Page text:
By Kyle Hietala
DCPS Office: Office of Instructional Practice, IMPACT Operations Team
Education: Rising Junior at UC Berkeley
Program of Study/Major: Global Development
Hometown: Sherman Oaks, California
Even though she describes herself as “not really a data analysis person,” Leah has grown more comfortable crunching numbers and working with Excel over the course of the summer. Her project involves studying social-emotional learning (SEL) and how it can be seamlessly incorporated into professional development for teachers. She thinks SEL is important for students, since it, when done well, “creates a better overall learning environment, one in which students are more able to become kind, compassionate citizens.”
Leah is focusing on how to market and promote SEL to teachers, so they’re better equipped to implement it into their day-to-day teaching. “We need buy-in, and we need to make sure our resources make clear the connection between SEL and positive academic and life outcomes,” Leah pointed out. To get that buy-in, DCPS needs effective professional development sessions that prepare teachers to implement SEL. “As a student, I just saw PD days as early-out Tuesdays,” Leah mused about her own public high school experience. Now as an intern, she “understands the value of it more clearly.”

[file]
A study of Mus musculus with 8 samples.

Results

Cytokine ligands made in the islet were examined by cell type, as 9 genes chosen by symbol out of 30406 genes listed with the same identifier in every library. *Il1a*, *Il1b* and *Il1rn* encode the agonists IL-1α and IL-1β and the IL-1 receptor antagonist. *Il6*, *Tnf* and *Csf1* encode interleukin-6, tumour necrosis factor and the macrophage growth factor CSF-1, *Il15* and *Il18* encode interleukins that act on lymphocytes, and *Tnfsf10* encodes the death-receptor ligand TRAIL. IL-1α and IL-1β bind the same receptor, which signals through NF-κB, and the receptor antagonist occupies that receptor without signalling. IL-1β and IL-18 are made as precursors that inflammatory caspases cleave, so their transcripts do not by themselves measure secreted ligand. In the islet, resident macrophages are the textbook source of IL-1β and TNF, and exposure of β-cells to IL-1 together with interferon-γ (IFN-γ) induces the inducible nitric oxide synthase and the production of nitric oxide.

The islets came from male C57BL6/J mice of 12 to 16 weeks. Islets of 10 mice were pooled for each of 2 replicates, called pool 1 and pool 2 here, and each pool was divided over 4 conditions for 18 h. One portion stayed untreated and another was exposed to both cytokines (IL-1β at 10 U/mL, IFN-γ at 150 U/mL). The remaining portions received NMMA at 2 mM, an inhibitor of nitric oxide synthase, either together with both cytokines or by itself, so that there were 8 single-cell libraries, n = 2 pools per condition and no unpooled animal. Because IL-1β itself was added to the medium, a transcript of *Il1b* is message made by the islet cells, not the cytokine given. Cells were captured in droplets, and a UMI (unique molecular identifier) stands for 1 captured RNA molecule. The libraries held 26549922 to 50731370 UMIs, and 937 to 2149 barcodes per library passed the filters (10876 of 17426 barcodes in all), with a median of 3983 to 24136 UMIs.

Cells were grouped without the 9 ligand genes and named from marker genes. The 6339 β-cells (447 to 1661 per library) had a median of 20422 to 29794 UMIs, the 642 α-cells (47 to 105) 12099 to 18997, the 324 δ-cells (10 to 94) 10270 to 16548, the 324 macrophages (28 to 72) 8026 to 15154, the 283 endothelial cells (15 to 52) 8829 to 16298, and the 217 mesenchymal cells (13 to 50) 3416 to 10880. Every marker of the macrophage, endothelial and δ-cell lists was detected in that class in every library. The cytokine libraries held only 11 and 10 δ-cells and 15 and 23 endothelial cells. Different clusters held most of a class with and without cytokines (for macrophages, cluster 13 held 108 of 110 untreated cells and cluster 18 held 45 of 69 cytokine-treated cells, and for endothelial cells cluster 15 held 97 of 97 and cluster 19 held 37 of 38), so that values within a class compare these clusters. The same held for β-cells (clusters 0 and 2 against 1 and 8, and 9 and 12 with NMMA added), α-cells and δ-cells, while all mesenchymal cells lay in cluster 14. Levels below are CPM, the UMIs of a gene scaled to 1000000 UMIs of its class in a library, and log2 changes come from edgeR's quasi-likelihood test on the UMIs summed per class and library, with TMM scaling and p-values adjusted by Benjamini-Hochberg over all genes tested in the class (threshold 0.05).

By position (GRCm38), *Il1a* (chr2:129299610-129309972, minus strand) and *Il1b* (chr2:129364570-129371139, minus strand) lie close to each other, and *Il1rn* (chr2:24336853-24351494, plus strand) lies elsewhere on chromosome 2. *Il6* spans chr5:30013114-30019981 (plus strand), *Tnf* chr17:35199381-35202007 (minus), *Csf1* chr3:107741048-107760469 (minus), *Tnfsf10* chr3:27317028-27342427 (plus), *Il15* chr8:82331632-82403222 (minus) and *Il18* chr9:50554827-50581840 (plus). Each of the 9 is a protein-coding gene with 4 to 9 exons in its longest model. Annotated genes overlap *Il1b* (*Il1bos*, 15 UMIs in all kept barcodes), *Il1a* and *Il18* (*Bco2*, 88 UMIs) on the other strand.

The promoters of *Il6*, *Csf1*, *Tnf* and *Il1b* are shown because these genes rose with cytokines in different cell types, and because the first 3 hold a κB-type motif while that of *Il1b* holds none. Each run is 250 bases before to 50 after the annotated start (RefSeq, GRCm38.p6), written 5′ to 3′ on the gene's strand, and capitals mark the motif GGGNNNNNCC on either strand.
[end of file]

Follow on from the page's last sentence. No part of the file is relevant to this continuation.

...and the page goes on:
Leah is also examining teacher evaluations this summer. She’s studying research questions such as, “how do teachers with different types of preparation, like Fellowships, TFA, traditional preparation, etc. perform in the classrom?” She has been analyzing policy papers about using qualitative student feedback as a way to evaluate teachers. So far, she’s conflicted: “it’s great students have a voice,” she said, “but teachers sometimes point out that students can have biases.” Leah is combing through so much data that she sometimes needs to take a break to refresh herself. Her choice leisure activity? Reading an NPR article about education.
Even though she was originally interested in Latin America politics and International Relations, Leah has discovered a new passion for education and work around curriculum. “I can see myself becoming a teacher,” she concluded.